Civil Claims Have Yet to Return to Pre-Pandemic Levels. Is this About to Change?

Friday 27th May 2022

HM Courts & Tribunal Service (HMCTS) has released its latest court statistics for the period up to March 2022, including civil claims.

What have the statistics revealed?

Despite government support having gradually come to an end and talk of a cost of living crisis, we are yet to see that translate into an increase in the number of claims being issued in the County and High Court. But will we now start to see an upward trend?

During the period April 2019 to March 2020, nearly 2 million claims were issued. This dropped to 1.21 million in 2020/21, with a small increase to 1.58 million in 2021/22. However, numbers were the same for Q1 in both 2021 and 2022, hovering at just over 400,000.

Are we about to see a change in civil claims?

1 October 2021 saw the end of the Coronavirus Job Retention Scheme, an increase to 12.5% on VAT in hospitality, and the end of temporarily reduced rates of Stamp Duty Land Tax. The almost complete ban on winding-up petitions also ended, with hybrid measures in place until a return to normal in March. The end of March saw the ban on forfeiture for rent being lifted, as well as Commercial Rent Arrears Recovery, in addition to hospitality VAT returning to 20%. Equally as important, VAT deferrals are having to be paid.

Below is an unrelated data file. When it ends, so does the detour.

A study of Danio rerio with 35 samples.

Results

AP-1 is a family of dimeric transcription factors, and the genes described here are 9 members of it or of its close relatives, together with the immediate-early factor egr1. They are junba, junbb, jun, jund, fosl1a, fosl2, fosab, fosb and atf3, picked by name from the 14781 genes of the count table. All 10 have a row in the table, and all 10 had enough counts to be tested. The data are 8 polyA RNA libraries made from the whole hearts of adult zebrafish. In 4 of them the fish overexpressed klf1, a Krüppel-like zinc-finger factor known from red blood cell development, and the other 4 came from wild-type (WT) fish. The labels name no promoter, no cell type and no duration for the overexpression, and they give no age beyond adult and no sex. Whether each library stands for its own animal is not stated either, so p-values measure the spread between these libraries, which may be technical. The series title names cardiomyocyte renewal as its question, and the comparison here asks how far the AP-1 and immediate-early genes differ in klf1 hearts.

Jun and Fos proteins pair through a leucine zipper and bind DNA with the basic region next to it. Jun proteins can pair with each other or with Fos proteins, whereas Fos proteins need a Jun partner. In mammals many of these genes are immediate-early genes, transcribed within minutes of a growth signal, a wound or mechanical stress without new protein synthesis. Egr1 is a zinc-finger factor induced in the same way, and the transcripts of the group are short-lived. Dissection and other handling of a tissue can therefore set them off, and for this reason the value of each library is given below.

So what does this mean going forward? With the strain on the business, as well as individuals, we’d expect to see an increase in claims being issued over the next 12 months. There’s often a time lag between money becoming due and claims being made, so companies may only now be looking at options to recover a debt that has accrued over the last three to six months.  Also, that “in it together” feeling during the pandemic seems to have gone. The country is now fully open for business so those incurring liabilities are now expected to pay.

If you’d like assistance on a civil claim or any other dispute, please do not hesitate to contact a member of our dispute resolution team.